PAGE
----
Apple Calls Taiwanese Writer an “Idiot” – Report

Giddens Ko got escorted out by Hong Kong police after filming inside Apple HQ

  Giddens Ko
A Taiwanese book author is recounting an interesting story on his Facebook profile concerning a trip to Apple’s Hong Kong headquarters where he was allegedly called an “idiot” by the tech giant’s legal department and then escorted out by local police.

A Taiwanese book author is recounting an interesting story on his Facebook profile concerning a trip to Apple’s Hong Kong headquarters where he was allegedly called an “idiot” by the tech giant’s legal department and then escorted out by local police.

Taiwanese writer Giddens Ko says that, for the past two years, he has been trying to convince Apple to remove copyright-infringing apps featuring his work, but to no avail.

Apple, for its part, said it couldn’t comply with his requests, being unable to confirm the novels’ true owner, according to The Register.

So he traveled to Apple’s Hong Kong offices to tell the company’s legal team that he had not authorized the use of his writing in “the pirated versions of his works,” reads the report.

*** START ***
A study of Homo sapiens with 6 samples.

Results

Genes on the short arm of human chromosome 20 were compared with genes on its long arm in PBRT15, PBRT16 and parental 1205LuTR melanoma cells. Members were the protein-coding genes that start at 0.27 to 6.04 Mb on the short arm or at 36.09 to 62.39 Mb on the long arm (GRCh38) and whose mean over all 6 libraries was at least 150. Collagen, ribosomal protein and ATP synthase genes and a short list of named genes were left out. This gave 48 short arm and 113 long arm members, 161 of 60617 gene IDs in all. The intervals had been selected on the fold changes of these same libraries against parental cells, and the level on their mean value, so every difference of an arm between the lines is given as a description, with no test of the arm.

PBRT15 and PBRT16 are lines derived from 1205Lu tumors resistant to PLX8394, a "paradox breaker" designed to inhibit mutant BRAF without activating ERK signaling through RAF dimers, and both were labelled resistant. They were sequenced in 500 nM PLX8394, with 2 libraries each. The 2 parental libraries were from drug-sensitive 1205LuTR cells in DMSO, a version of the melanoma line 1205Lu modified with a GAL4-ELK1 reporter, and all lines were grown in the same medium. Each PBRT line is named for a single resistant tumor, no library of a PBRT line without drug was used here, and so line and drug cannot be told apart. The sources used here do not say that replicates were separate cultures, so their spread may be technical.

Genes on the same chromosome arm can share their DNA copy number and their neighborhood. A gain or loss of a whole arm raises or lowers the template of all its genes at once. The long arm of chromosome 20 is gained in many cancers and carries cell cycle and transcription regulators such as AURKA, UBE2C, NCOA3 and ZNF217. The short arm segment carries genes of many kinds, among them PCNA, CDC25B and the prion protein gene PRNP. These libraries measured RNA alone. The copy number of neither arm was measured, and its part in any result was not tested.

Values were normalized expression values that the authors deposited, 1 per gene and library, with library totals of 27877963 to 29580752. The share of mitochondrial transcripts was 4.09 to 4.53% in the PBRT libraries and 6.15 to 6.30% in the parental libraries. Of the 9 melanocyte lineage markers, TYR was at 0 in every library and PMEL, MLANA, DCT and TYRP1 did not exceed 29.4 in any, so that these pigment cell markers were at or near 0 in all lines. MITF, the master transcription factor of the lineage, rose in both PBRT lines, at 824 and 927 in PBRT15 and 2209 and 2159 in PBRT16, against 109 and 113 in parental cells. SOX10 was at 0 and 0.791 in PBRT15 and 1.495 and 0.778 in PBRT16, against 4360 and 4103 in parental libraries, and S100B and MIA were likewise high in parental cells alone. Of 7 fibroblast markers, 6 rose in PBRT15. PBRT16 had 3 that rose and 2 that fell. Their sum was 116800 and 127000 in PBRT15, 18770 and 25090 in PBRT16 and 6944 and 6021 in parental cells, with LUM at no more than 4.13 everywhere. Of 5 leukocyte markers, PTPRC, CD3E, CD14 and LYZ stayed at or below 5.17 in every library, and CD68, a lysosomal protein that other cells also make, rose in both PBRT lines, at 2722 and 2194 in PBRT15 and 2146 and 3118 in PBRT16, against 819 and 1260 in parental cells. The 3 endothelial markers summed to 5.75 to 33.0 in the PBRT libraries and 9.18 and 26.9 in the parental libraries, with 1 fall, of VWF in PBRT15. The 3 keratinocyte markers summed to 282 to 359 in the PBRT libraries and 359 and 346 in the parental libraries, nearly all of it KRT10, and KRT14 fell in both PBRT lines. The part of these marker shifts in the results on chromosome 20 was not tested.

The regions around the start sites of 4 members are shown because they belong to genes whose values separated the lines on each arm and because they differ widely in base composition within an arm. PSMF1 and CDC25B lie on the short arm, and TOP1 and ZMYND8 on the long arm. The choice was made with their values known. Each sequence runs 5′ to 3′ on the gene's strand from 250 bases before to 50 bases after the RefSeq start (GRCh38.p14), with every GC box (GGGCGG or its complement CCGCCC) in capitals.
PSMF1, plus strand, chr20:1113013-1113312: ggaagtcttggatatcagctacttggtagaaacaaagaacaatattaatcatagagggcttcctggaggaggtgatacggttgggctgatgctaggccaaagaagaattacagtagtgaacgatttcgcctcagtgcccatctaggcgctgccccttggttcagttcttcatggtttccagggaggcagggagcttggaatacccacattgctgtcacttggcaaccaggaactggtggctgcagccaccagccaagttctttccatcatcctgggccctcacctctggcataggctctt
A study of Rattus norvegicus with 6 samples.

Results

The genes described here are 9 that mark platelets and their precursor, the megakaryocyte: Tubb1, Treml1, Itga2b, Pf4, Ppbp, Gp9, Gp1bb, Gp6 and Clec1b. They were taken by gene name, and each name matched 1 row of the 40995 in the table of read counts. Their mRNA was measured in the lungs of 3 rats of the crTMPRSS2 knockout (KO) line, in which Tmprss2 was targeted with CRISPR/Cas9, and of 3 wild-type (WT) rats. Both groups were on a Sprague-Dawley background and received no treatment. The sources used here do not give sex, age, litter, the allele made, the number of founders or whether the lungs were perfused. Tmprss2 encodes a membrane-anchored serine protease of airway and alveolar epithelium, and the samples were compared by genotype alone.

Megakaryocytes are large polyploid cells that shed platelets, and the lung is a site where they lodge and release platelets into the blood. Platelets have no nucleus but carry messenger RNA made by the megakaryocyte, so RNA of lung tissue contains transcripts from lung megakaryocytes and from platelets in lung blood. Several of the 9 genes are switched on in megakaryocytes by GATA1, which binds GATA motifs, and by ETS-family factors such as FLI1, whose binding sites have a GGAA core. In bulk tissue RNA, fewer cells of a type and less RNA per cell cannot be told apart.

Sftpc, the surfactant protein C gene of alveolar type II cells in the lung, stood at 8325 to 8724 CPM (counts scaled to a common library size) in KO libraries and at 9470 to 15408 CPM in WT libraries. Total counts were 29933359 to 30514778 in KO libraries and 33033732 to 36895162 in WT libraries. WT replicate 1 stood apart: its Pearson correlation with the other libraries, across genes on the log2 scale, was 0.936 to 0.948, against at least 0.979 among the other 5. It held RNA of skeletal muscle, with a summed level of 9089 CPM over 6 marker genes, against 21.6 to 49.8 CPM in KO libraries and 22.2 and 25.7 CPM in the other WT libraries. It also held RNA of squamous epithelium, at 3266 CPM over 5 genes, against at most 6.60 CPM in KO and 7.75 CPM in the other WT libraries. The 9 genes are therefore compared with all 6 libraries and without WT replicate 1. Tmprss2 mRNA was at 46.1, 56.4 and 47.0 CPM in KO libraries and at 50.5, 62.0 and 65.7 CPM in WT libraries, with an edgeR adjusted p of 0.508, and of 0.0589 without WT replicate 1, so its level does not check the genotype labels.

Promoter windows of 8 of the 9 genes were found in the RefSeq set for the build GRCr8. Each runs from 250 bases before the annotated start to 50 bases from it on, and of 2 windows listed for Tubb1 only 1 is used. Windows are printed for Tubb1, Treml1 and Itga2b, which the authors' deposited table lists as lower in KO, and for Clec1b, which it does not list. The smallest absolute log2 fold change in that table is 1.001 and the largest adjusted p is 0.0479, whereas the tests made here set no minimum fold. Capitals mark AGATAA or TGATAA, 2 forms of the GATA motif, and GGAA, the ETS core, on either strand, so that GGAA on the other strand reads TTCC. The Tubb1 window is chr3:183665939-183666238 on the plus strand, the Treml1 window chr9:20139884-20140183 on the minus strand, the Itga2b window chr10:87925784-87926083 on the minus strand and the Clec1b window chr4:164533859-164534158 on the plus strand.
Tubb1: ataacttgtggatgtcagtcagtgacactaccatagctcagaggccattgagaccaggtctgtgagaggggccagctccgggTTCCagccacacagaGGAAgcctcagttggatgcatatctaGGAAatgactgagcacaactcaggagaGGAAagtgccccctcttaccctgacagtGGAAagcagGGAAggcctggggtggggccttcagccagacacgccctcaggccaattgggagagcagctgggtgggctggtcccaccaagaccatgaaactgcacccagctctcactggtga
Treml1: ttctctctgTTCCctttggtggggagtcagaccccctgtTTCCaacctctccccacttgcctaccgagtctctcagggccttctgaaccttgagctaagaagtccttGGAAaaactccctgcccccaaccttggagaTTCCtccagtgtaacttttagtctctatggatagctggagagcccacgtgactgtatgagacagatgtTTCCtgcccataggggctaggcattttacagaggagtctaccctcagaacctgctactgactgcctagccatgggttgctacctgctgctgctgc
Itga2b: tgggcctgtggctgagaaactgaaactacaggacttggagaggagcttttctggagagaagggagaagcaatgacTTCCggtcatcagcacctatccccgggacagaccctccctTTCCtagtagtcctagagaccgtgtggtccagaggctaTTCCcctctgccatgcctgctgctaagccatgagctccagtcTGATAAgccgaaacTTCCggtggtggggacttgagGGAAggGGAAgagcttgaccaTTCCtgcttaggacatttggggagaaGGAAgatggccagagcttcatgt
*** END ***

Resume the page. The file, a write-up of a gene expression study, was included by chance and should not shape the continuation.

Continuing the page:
A member of Apple’s staff reportedly told the man that he should file another written complaint. Ko did just that, insisting to have his manager video tape the whole thing.

Here’s where it gets really interesting. As his assistant was filming, Ko says a member of Apple’s team called him an “idiot.” The UK site, however, does little to explain the exact circumstances in which the swearing occurred.

But apparently Apple wasn’t too pleased with the whole filming thing so they called the police. After arriving on the scene, Hong Kong authorities found nothing illegal but did proceed to escort Ko out of the building, allowing him and his assistant to hold on to the recording.

Apple has since removed a number of applications which Ko highlighted as infringing, according to Taiwan’s Central News Agency.

Editor’s note:

The information at hand is too vague to make an accurate impression about these events, which is why we’d kindly ask Chinese-speaking readers to sift through Ko’s story and share their own impressions in the comments. Any relevant input will be considered for a potential update to this story.